Writing Dialogue

“How forcible are right words!” says Job ( 6:25). And nowhere are the right words more important than in writing dialogue. Strong dialogue moves your  plot along as it reveals your characters’ hopes, dreams, tastes, prejudices, and views of the world. Here’s a recent example from one of my writing workshop students: “I could have been president of the Ladies League if my father was the senator.”  Miss Madrigal snapped open her napkin and spread it over her ample lap. “I’d have been better at it, too,” she went on,  loudly enough to be heard at the next table.  “A thousand times better than that featherbrained Sally Arbuckle, I am sure.  But that’s the way things work in this one horse town.”    In this sample, the writer shows us Miss Madrigal’s aspirations and bitter disappointments through her  unique diction, rhythm, and  world view.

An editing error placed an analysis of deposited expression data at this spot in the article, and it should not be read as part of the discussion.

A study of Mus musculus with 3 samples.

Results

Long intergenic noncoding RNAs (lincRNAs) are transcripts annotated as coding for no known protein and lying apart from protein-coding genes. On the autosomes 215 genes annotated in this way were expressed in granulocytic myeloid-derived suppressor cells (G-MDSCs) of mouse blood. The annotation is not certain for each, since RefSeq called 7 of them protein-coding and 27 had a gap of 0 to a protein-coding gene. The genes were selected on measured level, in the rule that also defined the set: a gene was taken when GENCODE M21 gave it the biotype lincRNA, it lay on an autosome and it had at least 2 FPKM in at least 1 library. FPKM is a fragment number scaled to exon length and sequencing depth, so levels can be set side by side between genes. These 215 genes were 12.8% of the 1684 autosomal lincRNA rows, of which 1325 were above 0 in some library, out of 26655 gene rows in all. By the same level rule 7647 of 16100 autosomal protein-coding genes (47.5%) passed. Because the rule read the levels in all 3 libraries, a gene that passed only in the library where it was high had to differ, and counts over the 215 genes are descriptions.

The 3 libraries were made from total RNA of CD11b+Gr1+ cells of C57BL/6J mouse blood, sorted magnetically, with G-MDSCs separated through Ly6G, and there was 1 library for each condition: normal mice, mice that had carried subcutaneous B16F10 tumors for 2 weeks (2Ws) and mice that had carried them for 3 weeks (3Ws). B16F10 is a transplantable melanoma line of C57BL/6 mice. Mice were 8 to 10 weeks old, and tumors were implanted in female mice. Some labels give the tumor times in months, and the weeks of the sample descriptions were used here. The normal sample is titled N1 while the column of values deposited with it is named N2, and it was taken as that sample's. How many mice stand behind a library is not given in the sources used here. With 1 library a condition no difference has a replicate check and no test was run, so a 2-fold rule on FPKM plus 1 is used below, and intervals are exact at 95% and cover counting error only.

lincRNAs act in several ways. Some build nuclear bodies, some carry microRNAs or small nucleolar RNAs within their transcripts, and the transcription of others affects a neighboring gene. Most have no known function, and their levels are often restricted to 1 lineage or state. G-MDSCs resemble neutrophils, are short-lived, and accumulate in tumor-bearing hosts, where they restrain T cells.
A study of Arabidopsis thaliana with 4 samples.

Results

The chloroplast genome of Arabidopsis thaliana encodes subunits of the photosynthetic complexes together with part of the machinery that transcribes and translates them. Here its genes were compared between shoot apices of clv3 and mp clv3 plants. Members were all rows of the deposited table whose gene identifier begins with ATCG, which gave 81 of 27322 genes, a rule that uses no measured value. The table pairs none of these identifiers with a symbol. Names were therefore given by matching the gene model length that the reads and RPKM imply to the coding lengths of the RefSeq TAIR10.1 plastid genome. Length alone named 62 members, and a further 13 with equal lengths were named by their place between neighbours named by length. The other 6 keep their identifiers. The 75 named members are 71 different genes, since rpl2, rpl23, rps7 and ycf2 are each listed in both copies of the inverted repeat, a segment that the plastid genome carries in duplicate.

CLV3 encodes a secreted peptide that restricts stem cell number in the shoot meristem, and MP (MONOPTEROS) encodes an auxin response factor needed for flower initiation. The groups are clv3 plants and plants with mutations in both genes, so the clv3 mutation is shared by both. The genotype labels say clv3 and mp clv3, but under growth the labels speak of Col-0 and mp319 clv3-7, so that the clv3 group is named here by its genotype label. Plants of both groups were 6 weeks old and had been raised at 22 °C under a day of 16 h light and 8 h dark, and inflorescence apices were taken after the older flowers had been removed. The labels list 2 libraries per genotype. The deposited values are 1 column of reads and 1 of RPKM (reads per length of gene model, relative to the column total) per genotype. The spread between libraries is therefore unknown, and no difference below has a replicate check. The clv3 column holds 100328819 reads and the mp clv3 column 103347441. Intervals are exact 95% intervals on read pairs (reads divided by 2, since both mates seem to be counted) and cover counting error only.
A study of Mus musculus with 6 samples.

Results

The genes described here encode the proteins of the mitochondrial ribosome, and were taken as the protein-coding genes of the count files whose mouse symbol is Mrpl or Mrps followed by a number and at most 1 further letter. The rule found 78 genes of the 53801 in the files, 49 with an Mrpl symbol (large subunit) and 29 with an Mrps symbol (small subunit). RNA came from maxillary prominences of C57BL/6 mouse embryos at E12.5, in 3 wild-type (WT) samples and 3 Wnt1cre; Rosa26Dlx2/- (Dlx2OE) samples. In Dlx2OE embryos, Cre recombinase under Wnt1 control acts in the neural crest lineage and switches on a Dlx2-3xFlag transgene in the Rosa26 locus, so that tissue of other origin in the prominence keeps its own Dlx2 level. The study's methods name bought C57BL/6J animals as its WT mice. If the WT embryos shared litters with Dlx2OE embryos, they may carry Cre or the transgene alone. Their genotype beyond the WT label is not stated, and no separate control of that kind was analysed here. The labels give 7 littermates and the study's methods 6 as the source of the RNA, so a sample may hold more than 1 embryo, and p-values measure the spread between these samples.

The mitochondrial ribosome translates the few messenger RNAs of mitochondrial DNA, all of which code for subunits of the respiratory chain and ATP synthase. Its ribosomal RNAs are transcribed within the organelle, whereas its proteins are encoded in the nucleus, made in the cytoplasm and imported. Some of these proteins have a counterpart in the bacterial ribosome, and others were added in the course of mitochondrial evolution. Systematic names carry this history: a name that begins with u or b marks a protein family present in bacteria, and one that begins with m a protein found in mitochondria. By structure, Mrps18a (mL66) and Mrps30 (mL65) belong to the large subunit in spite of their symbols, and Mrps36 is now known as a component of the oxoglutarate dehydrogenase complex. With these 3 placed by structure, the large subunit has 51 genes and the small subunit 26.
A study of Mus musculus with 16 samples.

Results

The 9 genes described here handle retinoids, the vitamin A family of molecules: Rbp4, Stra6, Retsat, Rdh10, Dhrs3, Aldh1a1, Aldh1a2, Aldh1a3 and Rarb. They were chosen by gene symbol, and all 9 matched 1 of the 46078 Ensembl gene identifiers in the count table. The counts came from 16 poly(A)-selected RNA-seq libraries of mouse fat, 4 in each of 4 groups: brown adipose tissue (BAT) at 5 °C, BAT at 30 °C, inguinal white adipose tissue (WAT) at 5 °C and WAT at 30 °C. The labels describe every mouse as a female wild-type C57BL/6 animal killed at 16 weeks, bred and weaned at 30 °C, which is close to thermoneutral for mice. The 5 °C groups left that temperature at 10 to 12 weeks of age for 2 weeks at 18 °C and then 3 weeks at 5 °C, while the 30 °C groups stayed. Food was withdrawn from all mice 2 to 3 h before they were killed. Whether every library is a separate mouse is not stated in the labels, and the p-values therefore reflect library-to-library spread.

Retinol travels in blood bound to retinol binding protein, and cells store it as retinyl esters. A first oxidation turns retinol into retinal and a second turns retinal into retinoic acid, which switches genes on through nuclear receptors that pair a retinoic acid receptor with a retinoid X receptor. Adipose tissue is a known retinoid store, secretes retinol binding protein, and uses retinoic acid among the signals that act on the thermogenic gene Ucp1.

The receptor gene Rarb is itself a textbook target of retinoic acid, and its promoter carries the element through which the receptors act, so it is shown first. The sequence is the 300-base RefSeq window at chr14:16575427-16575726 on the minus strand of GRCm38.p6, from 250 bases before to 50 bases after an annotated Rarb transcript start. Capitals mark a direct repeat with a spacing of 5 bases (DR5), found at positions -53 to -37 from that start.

Notice, too, that the  “beat”–the  snapping of the napkin– shows us something about her emotional state, and eliminates the need for speaker attribution. Of course occasionally you’ll want to use attribution, especially when writing dialogue between three or more characters. That’s the time to use “said.”

Make your dialogue more interesting and avoid the back and forth “ping-pong” effect by occasionally allowing a question to go unanswered, by having one speaker change the subject or pose an unexpected question.  Or let your character’s body language reveal his or her thoughts. Or let two people argue about something other than the real issue. For example, a couple may argue because one of them stayed out too late the night before. But the subtext  is the mistrust and fear of abandonment that exists between them.

As you write dialogue, remember to let your characters’ words show us something about their view of the world, use beats to replace most attribution, and try revealing plot and character by what people don’t say.